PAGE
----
Earlier this month I attended a very enjoyable Reunion Lunch at my old school. It was the first time I have been back for such an event. I have attended all four of my old college reunions – I wouldn’t miss one of those – but since leaving school at the age of 18 I had only returned to the premises on two previous occasions.
The first of these was in the mid-1990s, for an informal tour. My old form teacher showed me round. There had been a few changes. The old gym had become the library building, for example. The new sports hall (which was being built during my final few terms there) had been completed. We had lunch in the staff dining room. I mentioned it in this piece about how young some people look these days (policemen, priests, teachers). The only other time I returned to the old place, at the end of the 1990s, was a briefer visit when a friend was thinking of applying for a job there.
When I was a pupil at the school, the intake for what we now call Year 7 was straightforward: five classes, 30 boys in each, 150 per year. By the time we got to sixth form there were fewer students, 139 in my year. I know this because I have just checked in the relevant school journal. I doubt that many of my contemporaries still have a complete set of these volumes, which were issued to every pupil at the start of each autumn term, but I do. The covers are missing from two of them, but all of the inside pages are there.
Each journal contains lists of governors, staff, prefects, school rules, activities and sports clubs, and the names of every pupil. Almost half of each journal, as the name suggests, is taken up with a blank diary for the academic year. The equivalent publication at my daughter’s school is called a planner.
My diary entries for my first year of sixth form end on 1 December. There are nearly five blank months, then a few more entries the following April and May. My November homework requirements include an essay on “The Duchess of Malfi” one Monday. I have no recollection of ever writing about that play, it certainly wasn’t an A-Level text. The following Sunday I had the following note about a gig: “Rezillos / Undertones – Marquee”. I believe that this was the first time The Undertones played in London and I was privileged to be there.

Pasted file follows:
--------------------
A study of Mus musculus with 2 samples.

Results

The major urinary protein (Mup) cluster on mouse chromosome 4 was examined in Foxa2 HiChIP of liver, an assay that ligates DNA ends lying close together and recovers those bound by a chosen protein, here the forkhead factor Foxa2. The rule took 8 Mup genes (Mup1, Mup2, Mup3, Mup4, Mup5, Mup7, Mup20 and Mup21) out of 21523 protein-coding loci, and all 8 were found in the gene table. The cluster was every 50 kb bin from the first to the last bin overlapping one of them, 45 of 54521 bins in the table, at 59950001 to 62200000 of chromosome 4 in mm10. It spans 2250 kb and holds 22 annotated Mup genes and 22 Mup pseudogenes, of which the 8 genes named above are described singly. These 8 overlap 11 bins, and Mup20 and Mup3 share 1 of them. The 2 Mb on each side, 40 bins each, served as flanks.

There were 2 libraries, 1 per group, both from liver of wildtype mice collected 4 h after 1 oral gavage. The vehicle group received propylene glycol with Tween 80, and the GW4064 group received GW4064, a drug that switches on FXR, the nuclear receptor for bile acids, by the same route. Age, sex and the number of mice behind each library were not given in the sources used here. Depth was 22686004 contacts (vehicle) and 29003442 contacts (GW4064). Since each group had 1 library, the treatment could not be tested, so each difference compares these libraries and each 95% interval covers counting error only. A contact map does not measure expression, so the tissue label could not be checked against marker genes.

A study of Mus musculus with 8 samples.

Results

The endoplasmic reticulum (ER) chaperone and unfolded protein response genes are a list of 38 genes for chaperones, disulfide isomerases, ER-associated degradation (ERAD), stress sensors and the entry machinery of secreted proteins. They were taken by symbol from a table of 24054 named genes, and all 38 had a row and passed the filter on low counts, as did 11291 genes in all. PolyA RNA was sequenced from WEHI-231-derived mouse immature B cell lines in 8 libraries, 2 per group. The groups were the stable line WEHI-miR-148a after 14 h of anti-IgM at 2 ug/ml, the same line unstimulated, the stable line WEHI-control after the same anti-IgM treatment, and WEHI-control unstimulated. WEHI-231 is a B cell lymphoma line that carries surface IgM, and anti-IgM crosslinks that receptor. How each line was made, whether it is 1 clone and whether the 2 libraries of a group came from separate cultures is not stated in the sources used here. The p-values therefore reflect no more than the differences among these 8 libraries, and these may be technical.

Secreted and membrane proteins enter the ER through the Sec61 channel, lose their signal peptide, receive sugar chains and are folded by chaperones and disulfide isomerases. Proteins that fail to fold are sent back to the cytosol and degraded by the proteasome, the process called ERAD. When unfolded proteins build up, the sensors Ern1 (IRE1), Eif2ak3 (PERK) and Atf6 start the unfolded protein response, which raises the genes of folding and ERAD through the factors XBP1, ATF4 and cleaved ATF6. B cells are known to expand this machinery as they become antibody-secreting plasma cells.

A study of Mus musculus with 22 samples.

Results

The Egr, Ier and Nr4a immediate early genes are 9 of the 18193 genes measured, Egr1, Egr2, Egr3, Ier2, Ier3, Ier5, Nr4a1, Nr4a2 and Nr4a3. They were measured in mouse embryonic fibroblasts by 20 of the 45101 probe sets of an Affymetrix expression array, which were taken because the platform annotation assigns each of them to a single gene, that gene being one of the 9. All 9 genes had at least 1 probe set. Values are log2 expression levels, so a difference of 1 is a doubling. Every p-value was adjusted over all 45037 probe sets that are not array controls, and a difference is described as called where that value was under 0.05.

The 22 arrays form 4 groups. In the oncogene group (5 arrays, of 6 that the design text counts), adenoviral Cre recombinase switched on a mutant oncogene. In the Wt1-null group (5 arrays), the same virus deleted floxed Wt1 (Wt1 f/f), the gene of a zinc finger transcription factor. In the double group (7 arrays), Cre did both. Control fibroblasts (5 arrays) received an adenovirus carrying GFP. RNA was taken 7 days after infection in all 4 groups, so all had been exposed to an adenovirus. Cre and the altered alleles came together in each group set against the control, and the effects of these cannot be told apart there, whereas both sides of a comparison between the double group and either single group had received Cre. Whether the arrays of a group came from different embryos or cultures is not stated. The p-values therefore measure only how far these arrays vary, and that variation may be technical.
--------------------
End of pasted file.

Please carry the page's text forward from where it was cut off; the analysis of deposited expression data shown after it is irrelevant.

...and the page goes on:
Of the 139 people in my year, nine booked to come to the Reunion Lunch this month. Two of them didn’t make it, so there were seven of us, all easily recognizable to each other, and a few dozen people from other years, none of whom were there at the same time as us. I brought a few old school journals with me, for nostalgia purposes, and can confirm that none of the other attendees from my year have theirs. They have been lost, thrown away, or turned to papier-mâché by a leaky ceiling or flooded basement. I also brought the autograph book that I carried around with me for a couple of years in the 1970s, which I wrote about here last year. There are signatures, jokes and artwork spread across four pages from my Year 7 and Year 8 classmates, two of whom were at the lunch. One of them, as you might expect in the year 2020, took photos on his phone of the relevant pages.
For me, the word “journal” always brings to mind those school publications. It may be the same for my daughter when she hears the word “planner” when her school days are done. For me, “planner” still brings to mind those year-at-a-glance wall charts that rarely get filled in for the whole 12 months (rather like the diary pages in my journals).
If the reunion had been taking place later this month it would probably have been cancelled. For now, schools are still open here in the UK, but most additional activities have been called off. Meetings, Options Evenings and school trips for this week, due to take place at the schools that my son and daughter attend, have all been cancelled. Many other events have been postponed because of concerns about the spread of Coronavirus, including all major sports events since last Friday. This left a big football-shaped hole over the weekend for millions of us. Anyone reading these words in March 2020 will know about Coronavirus. I wonder how much explanation will be needed this time next year, or in five years’ time, about what we are currently going through. Until the last month or so, neither of my children had heard of SARS.
Thoughts about the word “journal”, and the effects of Coronavirus, made me wonder if I should read Daniel Defoe’s “Journal of a Plague Year”. Thanks to an excellent piece from last Friday by Marina Hyde, I don’t feel that I have to just yet. She compares Defoe’s account of the “1665/66 London plague season” (which was written over 50 years later) with current events. You can read it here.
I’ll finish with a photo showing the inside cover of my old school journal for 1980/81. It lists “Rules of Quarantine” for “Infectious Ailments”, including scarlet fever, diphtheria and measles (spelt incorrectly throughout as “measels”). I suspect that most of this information was dropped from more recent editions of the journal. If so, it might be time to bring back a new set of rules for quarantine, or “self-isolation” as we’re calling it these days.